No groundhog can make winter end

Published 8:59 am Monday, February 4, 2019

Unless you were in Punxsutawney, Pa., today, Groundhog Day may not seem like much of a holiday. Regardless of where you find yourself today, the tradition is pretty simple. A rodent named Phil makes his way out of a “burrow” that is surrounded by a bunch of smiling people, and this year most of them will be wearing overcoats and toboggans because of the freezing cold which has gripped much of the nation this past week.
Legend goes if the groundhog sees his shadow, that means six more weeks of winter. If he doesn’t, spring will arrive early.
Groundhog Day, a national event, occurs every year on February 2 in Punxsutawney, Pa. This is where the groundhog named Punxsutawney Phil lives, hidden from the public until his spotlight moment in February. Supposedly, ever since the year 1887, this groundhog has been in charge of determining whether winter will continue for six more weeks or if spring will begin early.
Groundhog Day has its roots in the ancient Christian tradition of Candlemas, when clergy would bless and distribute candles needed for winter, according to an article on the History Channel website. The candles represented how long and cold winter would be. The website states Germans expanded on the concept by selecting an animal — initially a hedgehog — as a means of predicting weather. Once they came to America, German settlers in Pennsylvania continued the tradition, though they switched from hedgehogs to groundhogs.
The celebration grew in popularity after the 1993 movie “Groundhog Day” starring Bill Murray.
Since 1887 when the tradition began, the groundhog has seen its shadow 104 times, according to Stormfax Weather Almanac. There was no record nine of the years, and the groundhog saw no shadow 18 times.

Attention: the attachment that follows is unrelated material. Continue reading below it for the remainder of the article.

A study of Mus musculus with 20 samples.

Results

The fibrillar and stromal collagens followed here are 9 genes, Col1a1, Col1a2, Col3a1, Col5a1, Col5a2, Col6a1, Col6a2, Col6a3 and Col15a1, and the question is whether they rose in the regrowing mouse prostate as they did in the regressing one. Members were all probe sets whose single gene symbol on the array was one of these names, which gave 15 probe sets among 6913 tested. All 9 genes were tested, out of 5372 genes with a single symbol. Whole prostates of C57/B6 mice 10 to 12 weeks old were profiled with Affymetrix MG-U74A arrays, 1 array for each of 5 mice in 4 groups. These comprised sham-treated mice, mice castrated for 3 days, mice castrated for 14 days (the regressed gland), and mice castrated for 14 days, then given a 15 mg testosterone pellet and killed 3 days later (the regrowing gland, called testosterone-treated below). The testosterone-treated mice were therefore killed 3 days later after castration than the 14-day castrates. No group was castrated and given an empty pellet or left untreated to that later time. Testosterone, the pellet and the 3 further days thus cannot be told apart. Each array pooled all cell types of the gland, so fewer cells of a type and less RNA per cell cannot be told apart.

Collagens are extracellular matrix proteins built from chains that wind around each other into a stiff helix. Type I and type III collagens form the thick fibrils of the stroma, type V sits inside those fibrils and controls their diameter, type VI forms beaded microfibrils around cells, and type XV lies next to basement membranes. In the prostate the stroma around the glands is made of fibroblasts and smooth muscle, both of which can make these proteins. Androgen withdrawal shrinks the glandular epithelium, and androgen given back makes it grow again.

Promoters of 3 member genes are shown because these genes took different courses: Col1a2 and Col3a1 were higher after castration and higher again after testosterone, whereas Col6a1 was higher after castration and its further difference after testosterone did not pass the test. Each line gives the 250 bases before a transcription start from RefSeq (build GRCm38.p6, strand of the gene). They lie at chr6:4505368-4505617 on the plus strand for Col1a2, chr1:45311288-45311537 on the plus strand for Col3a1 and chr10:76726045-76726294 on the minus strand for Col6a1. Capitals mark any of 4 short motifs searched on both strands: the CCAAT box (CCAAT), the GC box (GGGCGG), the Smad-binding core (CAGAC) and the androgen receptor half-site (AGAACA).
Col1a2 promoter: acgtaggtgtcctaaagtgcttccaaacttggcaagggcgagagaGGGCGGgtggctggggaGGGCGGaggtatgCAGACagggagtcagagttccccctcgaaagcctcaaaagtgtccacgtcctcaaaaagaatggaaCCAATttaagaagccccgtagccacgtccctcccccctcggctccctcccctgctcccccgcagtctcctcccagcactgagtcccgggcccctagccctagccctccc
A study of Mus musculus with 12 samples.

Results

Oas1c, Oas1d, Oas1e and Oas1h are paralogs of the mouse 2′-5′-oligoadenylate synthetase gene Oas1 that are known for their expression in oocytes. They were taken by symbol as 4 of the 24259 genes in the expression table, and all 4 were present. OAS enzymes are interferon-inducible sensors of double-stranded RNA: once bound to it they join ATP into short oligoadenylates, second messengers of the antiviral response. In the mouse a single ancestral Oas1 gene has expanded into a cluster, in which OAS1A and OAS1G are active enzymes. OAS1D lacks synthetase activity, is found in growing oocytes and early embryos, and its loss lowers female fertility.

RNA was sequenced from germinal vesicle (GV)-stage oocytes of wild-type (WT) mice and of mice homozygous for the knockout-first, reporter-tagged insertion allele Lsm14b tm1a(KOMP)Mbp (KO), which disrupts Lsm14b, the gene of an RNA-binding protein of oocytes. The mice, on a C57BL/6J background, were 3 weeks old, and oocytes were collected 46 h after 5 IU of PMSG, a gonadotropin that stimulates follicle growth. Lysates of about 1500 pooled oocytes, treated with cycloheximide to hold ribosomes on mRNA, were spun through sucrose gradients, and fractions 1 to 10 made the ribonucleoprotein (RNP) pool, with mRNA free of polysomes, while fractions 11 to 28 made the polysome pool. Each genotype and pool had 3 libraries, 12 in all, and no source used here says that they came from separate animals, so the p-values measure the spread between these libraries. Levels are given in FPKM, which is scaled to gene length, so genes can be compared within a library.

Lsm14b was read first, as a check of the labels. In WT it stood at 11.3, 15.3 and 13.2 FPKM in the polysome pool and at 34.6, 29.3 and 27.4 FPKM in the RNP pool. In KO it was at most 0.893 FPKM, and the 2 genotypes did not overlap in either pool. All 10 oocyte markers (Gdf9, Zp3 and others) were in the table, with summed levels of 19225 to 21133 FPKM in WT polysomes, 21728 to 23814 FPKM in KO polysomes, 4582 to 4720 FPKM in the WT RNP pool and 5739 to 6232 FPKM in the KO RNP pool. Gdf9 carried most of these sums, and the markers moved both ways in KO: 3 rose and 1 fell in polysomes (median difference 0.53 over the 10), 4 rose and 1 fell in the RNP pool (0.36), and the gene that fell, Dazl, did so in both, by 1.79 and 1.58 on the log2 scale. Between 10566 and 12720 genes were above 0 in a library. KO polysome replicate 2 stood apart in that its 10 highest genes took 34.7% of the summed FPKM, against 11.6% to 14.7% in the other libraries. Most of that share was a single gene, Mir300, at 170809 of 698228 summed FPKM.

Though it is a fun tradition, the groundhog has been correct in its forecast only 39 percent of the time.
Today marks the beginning of a brief period of unusual February warmth here in Northeast Tennessee, where temperatures are forecast to reach the 60s and stay there for much of next week. But regardless of the annual Groundhog Day outcome, don’t count on it to provide a glimpse of what the coming days will bring.
We can expect winter to return, maybe not as cold and frigid as this past week, but February — and March, too — has its share of wintry weather. The cold season clearly has a ways to go. Meteorological spring doesn’t begin until March 1, and the official beginning of spring doesn’t arrive until March 20.
But look at it this way. February has arrived, and we have about half of winter behind us. On the first official day of winter the sun was scheduled to rise today at 7:36 a.m. and set at 5:17 p.m. Today, the sun was scheduled to rise at 7:29 a.m. and set at 5:56 p.m. That means we have experienced an additional 46 minutes of sunlight since the latest winter solstice.
Spring will soon be upon us, but it never arrives on February 2. However, the wait is winding down. Keep the coat handy, but also keep in mind where the shorts and T-shirts are stored. You will want to reach for them before you know it.